President Joe Biden told donors at a Democratic fundraiser on Friday that Ukrainian president Volodymyr Zelenskyy was reluctant to believe U.S. intelligence that indicated Russia would invade. “I know a lot of people thought I was maybe exaggerating,” Biden reportedly said about his warnings regarding Russia’s plans. “But I knew we had data to sustain [Vladimir Putin] was going to go in,” he added, “There was no doubt, and Zelenskyy didn’t want to hear it.”
The Associated Press reports that “the remarks came as Biden was talking about his work to rally and solidify support for Ukraine as the war continues into its fourth month.” If so, highlighting how Ukraine’s president (and current wartime leader) was caught flat-footed might not have been the best way to do that.
Zelenskyy’s defiant response to the invasion quickly made him one of the world’s most celebrated leaders. But in the run-up to the war, he repeatedly dismissed the idea that Putin would pull the trigger. By most accounts, nearly everyone in Ukraine was caught off guard by the attack, despite the fact that Russia had been conspicuously undertaking a massive military buildup along the border, in addition to the repeated warnings from the U.S. intelligence community and others. Zelenskyy downplayed the chances of war, in part, to insulate Ukraine’s economy, he said at the time.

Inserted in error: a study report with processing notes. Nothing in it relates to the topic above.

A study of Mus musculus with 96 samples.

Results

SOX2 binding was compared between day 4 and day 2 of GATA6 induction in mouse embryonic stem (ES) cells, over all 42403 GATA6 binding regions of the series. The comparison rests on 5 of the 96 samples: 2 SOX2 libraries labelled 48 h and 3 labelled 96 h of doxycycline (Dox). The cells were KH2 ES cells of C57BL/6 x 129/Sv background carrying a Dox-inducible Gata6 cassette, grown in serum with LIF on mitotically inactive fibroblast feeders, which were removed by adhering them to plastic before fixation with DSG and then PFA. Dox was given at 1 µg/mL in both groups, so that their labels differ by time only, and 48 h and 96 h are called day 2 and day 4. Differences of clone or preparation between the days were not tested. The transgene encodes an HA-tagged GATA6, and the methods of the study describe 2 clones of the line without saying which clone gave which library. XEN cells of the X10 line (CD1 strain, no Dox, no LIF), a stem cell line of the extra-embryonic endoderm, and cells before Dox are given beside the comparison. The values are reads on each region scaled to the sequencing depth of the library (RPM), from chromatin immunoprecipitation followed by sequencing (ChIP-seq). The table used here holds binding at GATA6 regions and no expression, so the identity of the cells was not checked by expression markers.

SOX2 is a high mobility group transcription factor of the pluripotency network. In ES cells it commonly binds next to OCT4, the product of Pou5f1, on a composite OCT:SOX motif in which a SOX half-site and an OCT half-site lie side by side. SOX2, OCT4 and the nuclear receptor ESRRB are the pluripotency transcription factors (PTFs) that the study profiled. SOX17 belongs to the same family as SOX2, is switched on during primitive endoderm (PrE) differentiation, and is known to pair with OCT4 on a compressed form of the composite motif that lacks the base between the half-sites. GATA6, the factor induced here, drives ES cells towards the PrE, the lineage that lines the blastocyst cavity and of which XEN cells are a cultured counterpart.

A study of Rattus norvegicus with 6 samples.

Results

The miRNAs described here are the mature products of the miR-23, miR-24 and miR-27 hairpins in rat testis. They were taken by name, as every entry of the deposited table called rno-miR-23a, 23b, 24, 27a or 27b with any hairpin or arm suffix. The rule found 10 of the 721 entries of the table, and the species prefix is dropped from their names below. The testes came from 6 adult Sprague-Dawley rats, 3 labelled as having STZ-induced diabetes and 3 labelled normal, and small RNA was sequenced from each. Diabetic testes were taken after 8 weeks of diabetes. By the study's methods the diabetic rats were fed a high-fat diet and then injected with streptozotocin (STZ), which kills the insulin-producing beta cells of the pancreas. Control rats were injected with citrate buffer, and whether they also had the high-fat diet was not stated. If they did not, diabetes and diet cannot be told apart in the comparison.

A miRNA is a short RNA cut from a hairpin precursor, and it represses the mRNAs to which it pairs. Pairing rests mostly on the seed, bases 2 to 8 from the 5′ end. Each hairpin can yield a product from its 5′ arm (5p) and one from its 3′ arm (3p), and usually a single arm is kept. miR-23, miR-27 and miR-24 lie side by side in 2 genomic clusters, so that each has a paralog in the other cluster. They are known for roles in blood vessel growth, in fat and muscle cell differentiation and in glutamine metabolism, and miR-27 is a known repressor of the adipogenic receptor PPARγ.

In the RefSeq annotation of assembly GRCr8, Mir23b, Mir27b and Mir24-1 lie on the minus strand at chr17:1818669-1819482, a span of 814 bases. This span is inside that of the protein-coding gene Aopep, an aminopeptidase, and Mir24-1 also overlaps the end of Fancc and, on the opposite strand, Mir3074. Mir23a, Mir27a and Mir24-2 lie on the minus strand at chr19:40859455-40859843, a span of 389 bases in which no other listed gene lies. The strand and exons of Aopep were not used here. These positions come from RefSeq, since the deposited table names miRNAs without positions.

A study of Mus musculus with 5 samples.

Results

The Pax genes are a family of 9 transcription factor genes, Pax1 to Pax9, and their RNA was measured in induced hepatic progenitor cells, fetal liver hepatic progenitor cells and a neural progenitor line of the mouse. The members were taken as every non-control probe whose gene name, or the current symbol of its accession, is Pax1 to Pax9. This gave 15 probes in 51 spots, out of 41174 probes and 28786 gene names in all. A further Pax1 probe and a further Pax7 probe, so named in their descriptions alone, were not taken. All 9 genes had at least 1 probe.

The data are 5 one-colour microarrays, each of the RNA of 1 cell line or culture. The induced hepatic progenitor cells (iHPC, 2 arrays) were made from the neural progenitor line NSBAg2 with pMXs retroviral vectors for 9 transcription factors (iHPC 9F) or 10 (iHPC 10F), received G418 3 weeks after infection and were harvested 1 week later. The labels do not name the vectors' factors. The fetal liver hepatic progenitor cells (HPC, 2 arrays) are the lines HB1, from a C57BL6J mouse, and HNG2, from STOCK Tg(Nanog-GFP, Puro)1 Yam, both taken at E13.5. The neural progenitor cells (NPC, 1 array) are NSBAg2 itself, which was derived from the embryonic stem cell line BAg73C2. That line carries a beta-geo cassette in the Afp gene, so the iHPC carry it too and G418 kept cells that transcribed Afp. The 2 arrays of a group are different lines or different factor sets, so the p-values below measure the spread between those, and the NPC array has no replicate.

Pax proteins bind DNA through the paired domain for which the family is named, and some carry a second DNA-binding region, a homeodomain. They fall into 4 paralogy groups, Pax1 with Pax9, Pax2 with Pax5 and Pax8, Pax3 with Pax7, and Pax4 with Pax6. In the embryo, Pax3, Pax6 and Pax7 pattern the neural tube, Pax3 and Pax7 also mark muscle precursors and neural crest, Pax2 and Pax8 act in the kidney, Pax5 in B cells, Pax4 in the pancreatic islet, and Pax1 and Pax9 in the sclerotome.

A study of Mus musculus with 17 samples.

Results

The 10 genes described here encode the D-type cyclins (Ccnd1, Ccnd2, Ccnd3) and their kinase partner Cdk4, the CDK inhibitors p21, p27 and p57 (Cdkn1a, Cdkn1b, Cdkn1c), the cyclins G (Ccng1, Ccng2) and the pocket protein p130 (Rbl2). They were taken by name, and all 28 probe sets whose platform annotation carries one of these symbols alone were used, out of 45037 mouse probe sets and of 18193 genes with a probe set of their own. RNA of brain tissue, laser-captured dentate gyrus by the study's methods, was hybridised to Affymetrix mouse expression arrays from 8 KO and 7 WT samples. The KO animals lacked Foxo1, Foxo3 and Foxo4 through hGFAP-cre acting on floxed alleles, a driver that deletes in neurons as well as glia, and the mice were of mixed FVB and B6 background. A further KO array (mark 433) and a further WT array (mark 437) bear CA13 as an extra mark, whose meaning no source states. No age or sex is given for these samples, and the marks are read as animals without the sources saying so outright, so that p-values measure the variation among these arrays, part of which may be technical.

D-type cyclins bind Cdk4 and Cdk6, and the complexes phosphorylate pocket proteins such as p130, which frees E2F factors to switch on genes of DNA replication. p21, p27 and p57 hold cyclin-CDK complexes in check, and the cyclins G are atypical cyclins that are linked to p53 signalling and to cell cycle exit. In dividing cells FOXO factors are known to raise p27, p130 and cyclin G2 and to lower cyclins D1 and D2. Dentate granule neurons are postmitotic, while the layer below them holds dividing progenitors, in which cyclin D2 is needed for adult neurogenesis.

That lack of preparation might have been far more costly if not for Russia’s strategic blunders on the battlefield, in addition to the Ukrainian military’s quick and effective efforts, backed by Western aid, to repel the invading forces.
Nearly four months later, though Russia suffered a costly and embarrassing defeat when it tried to seize Kyiv, its renewed ground offensive to take control of Ukraine’s Donbas region appears to be working. A Zelenskyy adviser told the BBC this week that between 100 to 200 Ukrainian soldiers are being killed every day as they face a relentless barrage from Russian artillery and rockets. The New York Times reports that Ukrainian forces on the front line in Donbas are running out of the critical shells for their older, but more numerous, Soviet and Russian artillery pieces. It’s not clear whether or not those pieces can be phased out and replaced with newer Western weapons in time to stop the Russian advance. Russia has also encircled Severodonetsk, which is the biggest city in eastern Ukraine still held by Ukrainian forces. Meanwhile the economic impact of the war, which has knocked out a significant amount of the global food supply, continues to look dire.
As The Guardian’s Shaun Walker reported earlier this month, it’s not clear that more preparation by Ukraine for the invasion would have made a decisive difference. Questions and concerns about Ukraine’s preparations linger, however, and it seems there is definitely appetite among Ukrainian politicians to investigate the matter — if and when the war ends.